Taking no prisoners
With protests and all the talk about reparations and repatriation, British PM Cameron didn't receive a particularly warm Jamaican welcome last week. My nominee for the most ill-conceived and ridiculous protest is the Church-inspired one prefaced on the idea that Cameron came to pressure Jamaica to repeal its buggery law.
From a certain point of view, I understand how it could be attractive to the participants: In one stroke, one could be righteously anti-colonial, anti-government, and anti-homosexual, and since there was so much 'anti' going around, why not go for the trifecta?
What's clear is that many Jamaicans wanted to hear about reparations, but Mr Cameron, it turns out, had little or nothing to say about it. Except, perhaps: "Fagget it!"
Cameron, we've been told, is the descendant of slaveholders. But that's not quite right. In 1833, an army officer named General Sir James Duff was compensated £4,101 for 202 slaves on the Grange Sugar Estate in Jamaica. This man would be Mr Cameron's first cousin six times removed.
What to make of that? Well, I'm not at all surprised by his breezy dismissal of reparations and his exhortation to "move on". Our common experience of the world tells us that moral, legal and penal systems struggle, mostly unsuccessfully, to get men to accept some responsibility for even their own actions.
When accused, even by our own consciences (those of us who have them), we are expert witnesses on behalf of the defence, willing to manufacture excuses, alibis, extenuating circumstances, and copious justifications. And all that is just for why we ran the red light, or made the illegal turn.
Regarding more serious matters, our skills at self-justification and self-excuse grow even more formidable. How often do you hear someone accept that he failed because of his own bad character or unwillingness to apply himself and suffer discomfort? Not often.
Cameron is, I'm sure, no different. And few men - I'm tempted to say 'no man' - will take responsibility for a first cousin, far less a first cousin six times removed, and then for actions from 200 years ago? Good luck. I state this merely as an observation about human psychology.
On the other hand, Cameron was quite interested in repatriation. The difference is that when we Jamaicans dream about repatriation, our minds carry us from comfortable berths on the Black Star Line to long strolls along the Nile and non-stop dance parties in the Congo. Cameron, on the other hand, dreams repatriation and what he has in mind is deporting hundreds of annoying Jamaicans from his prisons.
Worse yet, Cameron wasn't even particularly nice about forking over the loot earmarked for a new prison here, out of which he also intends to derive benefit. As we all know, he's playing a political game back in Britain, so the 'gift' has a spin and a stink on it.
By the way, we'd better get accustomed to Cameron and his ilk, as the British Labour Party has been readying itself to become a permanent Opposition. Their new leader, Jeremy Corbyn, seems to have smoked something unusually powerful during his time in Jamaica, for while his spirit seems priestlike and righteously intact, his political judgement is seriously flawed.
He's threatening to withdraw from NATO, and just this week announced to the world that he won't ever use Britain's nuclear arsenal. Why not announce that you're tearing down the fence that has protected you these last seven decades, and those guard dogs over there, never mind them, they'll never ever bite anyone? The man is a danger to himself, the Labour Party, and all Western Europe.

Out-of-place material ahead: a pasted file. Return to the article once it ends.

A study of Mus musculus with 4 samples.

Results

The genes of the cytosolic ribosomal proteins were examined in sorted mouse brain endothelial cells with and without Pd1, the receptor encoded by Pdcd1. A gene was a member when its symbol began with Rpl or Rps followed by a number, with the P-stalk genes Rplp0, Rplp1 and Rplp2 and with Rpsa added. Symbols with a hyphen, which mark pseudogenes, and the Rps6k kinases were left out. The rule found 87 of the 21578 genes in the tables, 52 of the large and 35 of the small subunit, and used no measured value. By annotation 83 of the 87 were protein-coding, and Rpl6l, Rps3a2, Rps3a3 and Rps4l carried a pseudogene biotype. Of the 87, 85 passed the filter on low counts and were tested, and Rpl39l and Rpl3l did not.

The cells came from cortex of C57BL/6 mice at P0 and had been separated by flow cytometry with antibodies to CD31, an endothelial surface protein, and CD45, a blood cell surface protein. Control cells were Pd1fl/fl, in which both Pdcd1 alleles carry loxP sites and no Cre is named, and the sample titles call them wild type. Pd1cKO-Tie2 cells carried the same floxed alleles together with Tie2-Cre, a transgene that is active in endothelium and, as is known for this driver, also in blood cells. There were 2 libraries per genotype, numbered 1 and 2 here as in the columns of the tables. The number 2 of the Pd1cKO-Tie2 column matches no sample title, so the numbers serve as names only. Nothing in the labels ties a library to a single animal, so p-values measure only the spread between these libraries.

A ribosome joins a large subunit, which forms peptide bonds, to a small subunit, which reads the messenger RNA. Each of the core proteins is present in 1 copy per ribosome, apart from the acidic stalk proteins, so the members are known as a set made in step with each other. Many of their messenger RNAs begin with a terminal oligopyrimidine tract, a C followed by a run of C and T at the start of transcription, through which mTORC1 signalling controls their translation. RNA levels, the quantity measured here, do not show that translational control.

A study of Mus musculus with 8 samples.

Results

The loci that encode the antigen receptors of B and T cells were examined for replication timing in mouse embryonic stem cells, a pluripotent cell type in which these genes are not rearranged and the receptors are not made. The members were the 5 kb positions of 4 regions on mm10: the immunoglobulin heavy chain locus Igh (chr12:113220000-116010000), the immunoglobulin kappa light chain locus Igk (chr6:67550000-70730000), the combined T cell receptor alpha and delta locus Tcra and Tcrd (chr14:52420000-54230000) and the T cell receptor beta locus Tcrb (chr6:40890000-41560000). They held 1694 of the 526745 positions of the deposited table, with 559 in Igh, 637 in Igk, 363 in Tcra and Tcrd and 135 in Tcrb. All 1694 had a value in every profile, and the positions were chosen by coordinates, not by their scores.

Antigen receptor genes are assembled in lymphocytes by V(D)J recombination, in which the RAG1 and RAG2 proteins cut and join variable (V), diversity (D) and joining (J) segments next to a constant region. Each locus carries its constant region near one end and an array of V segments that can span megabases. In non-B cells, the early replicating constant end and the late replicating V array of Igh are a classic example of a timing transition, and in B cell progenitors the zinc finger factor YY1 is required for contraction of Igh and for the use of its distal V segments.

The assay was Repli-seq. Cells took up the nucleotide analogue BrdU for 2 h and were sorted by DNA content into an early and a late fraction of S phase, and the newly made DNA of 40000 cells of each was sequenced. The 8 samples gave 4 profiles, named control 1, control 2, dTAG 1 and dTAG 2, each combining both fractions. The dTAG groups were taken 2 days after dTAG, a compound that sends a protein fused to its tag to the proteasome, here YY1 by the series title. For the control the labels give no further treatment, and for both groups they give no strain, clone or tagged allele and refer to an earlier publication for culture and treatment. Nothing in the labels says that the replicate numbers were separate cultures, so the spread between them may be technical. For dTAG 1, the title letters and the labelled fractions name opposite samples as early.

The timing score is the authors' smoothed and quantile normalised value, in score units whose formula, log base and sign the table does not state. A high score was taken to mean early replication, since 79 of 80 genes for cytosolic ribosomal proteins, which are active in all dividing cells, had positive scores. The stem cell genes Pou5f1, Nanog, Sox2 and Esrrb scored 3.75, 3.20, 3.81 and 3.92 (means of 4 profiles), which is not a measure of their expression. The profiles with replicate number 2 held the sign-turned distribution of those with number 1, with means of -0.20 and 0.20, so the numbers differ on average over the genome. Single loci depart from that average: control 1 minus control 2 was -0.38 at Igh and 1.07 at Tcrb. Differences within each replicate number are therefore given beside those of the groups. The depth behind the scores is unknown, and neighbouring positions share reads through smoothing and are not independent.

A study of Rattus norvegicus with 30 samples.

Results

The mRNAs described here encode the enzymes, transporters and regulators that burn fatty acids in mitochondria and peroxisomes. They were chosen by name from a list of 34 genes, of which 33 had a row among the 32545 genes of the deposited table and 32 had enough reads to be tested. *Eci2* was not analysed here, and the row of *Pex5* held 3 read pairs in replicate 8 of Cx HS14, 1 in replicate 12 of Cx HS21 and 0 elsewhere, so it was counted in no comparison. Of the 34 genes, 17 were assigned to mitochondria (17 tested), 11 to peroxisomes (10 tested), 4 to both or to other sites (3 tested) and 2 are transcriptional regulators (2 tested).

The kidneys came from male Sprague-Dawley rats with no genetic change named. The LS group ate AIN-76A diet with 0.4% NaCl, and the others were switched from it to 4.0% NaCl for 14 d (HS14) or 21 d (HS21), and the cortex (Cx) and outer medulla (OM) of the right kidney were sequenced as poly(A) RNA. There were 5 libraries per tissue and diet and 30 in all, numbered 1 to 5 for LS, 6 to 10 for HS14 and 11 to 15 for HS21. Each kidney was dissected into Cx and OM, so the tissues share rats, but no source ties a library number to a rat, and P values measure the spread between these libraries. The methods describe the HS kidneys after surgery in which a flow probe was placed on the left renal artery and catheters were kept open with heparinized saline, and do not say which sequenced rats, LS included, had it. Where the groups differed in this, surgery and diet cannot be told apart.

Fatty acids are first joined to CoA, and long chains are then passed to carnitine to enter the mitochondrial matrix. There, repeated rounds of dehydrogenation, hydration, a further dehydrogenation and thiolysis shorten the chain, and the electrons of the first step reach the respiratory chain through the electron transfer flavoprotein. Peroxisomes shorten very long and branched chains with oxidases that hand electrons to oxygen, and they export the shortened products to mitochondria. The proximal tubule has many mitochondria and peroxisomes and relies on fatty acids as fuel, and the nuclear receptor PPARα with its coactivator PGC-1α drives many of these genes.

SHOULD WE TAKE PRISON MONEY?
So the question of the day here is whether we should take the money from Britain for the prison. I say, take it. Build an improved prison. In fact, demand more. The real problem is that the money isn't enough. And demand that the Brits pay us to house the Jamaican nationals who they want imprisoned (who are going to be deported here afterwards in any event).
Win! Don't sit and complain: "Woe is me, Mr England didn't fix all our problems!" Our thinking and the public commentary on this have been severely clouded by our low-level, cargo-cult mindset and the expectation that Massa England was coming to announce something grand. Cameron has his own interests and problems, and he doesn't care all that much about ours. And one of our sore issues is that we need a prison.
Mind you, like many other Jamaicans, I'm enjoying Vybz Kartel's steady output of catchy material from the penitentiary. While his trial and conviction may have presented a minor speed bump, overall, it hasn't really hampered his productivity. So, however dilapidated and overcrowded the lock-up supposedly is, there seems to be a fully functioning music studio.
But that incongruity aside, it's otherwise generally accepted by any sane, remotely humane person that we need a new slammer, perhaps a few new ones. Various governments have been looking at methods to finance one, but without any success.
It's worth pausing here for a moment. Focus. WE NEED a prison built. Filthy, overcrowded, hellhole, disgusting disease farms aren't facilities where punishment is generally limited to the deprivation of liberty. They're filthy, overcrowded, hellhole, disgusting disease farms where punishment is the deprivation of liberty, hunger, beatings, dehumanising public use of buckets for toilets, and a tidy suite of bacteria and viruses to take back home to the family and community upon release.
I don't see much point in being so righteously indignant about human maltreatment, suffering and deprivation two centuries ago that we miss the opportunity to do something about the guys down the road, right now, living in slave barracks, six men in a cell built for two.
- Daniel Thwaites is an attorney-at-law. Email feedback to firstname.lastname@example.org.